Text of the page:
Altered profiles of intestinal microbiota and organic acids may be the origin of symptoms in irritable bowel syndrome
Article first published online: 10 NOV 2009
© 2009 Blackwell Publishing Ltd
Neurogastroenterology & Motility
Volume 22, Issue 5, pages 512–e115, May 2010
How to Cite
Tana, C., Umesaki, Y., Imaoka, A., Handa, T., Kanazawa, M. and Fukudo, S. (2010), Altered profiles of intestinal microbiota and organic acids may be the origin of symptoms in irritable bowel syndrome. Neurogastroenterology & Motility, 22: 512–e115. doi: 10.1111/j.1365-2982.2009.01427.x
- Issue published online: 6 APR 2010
- Article first published online: 10 NOV 2009
- Received: 3 June 2009 Accepted for publication: 7 October 2009
- acetic acid;
- gastrointestinal (GI) microbiota;
- irritable bowel syndrome (IBS);
- propionic acid;
Background The profile of intestinal organic acids in irritable bowel syndrome (IBS) and its correlation with gastrointestinal (GI) symptoms are not clear. We hypothesized in this study that altered GI microbiota contribute to IBS symptoms through increased levels of organic acids.
Methods Subjects were 26 IBS patients and 26 age- and sex-matched controls. Fecal samples were collected for microbiota analysis using quantitative real-time polymerase chain reaction and culture methods, and the determination of organic acid levels using high-performance liquid chromatography. Abdominal gas was quantified by image analyses of abdominal X-ray films. Subjects completed a questionnaire for GI symptoms, quality of life (QOL) and negative emotion.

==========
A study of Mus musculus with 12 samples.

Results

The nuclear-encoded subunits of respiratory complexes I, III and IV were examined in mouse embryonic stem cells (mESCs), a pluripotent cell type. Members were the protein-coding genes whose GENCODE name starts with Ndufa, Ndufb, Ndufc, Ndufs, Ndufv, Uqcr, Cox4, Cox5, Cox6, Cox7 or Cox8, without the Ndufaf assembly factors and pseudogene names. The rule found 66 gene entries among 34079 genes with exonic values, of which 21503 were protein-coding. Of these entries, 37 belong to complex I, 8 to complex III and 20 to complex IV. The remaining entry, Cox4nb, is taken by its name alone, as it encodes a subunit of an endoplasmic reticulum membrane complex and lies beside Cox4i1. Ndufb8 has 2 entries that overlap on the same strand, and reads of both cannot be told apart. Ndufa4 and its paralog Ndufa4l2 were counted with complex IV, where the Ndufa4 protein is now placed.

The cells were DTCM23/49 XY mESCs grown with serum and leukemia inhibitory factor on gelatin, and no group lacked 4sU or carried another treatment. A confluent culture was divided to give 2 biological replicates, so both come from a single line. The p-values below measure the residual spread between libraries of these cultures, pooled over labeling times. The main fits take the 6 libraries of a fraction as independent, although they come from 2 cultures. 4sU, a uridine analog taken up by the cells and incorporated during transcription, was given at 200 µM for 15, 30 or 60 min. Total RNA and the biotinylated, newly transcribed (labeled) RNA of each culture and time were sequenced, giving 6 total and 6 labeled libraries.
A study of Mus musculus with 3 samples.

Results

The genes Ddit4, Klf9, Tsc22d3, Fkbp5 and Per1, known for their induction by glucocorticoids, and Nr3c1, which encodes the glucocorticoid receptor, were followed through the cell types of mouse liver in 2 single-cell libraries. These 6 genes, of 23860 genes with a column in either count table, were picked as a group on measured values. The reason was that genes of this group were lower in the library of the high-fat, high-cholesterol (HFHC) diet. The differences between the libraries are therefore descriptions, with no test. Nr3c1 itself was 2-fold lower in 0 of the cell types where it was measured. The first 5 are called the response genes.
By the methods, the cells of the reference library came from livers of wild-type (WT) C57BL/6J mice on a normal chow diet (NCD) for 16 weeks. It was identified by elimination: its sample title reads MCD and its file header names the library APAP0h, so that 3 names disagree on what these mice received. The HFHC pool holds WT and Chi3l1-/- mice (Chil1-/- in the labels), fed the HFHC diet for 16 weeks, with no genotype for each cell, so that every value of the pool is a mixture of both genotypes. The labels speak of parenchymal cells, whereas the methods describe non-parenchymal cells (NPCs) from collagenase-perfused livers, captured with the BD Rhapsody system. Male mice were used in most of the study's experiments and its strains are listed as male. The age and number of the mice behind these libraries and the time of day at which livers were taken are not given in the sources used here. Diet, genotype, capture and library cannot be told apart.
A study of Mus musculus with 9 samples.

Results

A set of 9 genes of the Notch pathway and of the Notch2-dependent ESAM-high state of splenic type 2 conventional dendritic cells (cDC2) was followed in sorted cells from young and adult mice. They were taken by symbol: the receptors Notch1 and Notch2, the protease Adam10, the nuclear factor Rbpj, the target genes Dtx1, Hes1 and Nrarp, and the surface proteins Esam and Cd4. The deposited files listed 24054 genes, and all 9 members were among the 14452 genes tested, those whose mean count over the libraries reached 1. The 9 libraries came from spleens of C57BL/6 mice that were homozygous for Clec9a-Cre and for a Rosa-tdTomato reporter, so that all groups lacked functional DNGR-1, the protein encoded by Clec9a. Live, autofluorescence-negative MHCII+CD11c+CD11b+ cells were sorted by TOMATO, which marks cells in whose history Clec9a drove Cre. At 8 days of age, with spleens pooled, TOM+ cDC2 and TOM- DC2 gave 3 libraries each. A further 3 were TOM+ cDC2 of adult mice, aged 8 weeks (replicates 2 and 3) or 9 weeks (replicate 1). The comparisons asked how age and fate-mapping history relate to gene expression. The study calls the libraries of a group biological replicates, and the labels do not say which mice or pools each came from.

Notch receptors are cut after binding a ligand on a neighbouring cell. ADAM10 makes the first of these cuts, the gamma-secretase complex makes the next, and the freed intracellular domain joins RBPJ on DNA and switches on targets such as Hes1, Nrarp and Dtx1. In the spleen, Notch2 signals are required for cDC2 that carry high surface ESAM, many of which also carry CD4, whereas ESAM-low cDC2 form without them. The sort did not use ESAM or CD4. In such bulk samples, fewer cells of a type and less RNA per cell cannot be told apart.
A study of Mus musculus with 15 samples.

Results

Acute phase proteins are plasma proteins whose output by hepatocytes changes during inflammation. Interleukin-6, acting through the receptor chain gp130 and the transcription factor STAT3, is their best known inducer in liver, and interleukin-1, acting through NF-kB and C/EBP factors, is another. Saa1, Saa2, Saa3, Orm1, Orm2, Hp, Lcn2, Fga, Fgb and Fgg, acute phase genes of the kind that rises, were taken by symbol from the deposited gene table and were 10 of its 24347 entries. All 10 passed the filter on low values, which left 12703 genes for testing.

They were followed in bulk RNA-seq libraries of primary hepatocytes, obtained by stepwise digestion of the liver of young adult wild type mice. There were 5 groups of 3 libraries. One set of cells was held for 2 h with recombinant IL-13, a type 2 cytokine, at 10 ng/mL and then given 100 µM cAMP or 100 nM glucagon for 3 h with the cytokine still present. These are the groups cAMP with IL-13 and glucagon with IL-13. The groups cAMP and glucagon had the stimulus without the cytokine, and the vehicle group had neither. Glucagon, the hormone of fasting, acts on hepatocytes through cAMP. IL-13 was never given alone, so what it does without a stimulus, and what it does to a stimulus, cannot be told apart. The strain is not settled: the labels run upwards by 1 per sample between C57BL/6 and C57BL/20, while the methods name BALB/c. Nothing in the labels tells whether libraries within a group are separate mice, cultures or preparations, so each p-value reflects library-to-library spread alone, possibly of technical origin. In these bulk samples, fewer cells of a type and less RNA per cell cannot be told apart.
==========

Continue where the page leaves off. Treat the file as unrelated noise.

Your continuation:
Key Results Irritable bowel syndrome patients showed significantly higher counts of Veillonella (P = 0.046) and Lactobacillus (P = 0.031) than controls. They also expressed significantly higher levels of acetic acid (P = 0.049), propionic acid (P = 0.025) and total organic acids (P = 0.014) than controls. The quantity of bowel gas was not significantly different between controls and IBS patients. Finally, IBS patients with high acetic acid or propionic acid levels presented with significantly worse GI symptoms, QOL and negative emotions than those with low acetic acid or propionic acid levels or controls.
Conclusions & Inferences These results support the hypothesis that both fecal microbiota and organic acids are altered in IBS patients. A combination of Veillonella and Lactobacillus is known to produce acetic and propionic acid. High levels of acetic and propionic acid may associate with abdominal symptoms, impaired QOL and negative emotions in IBS.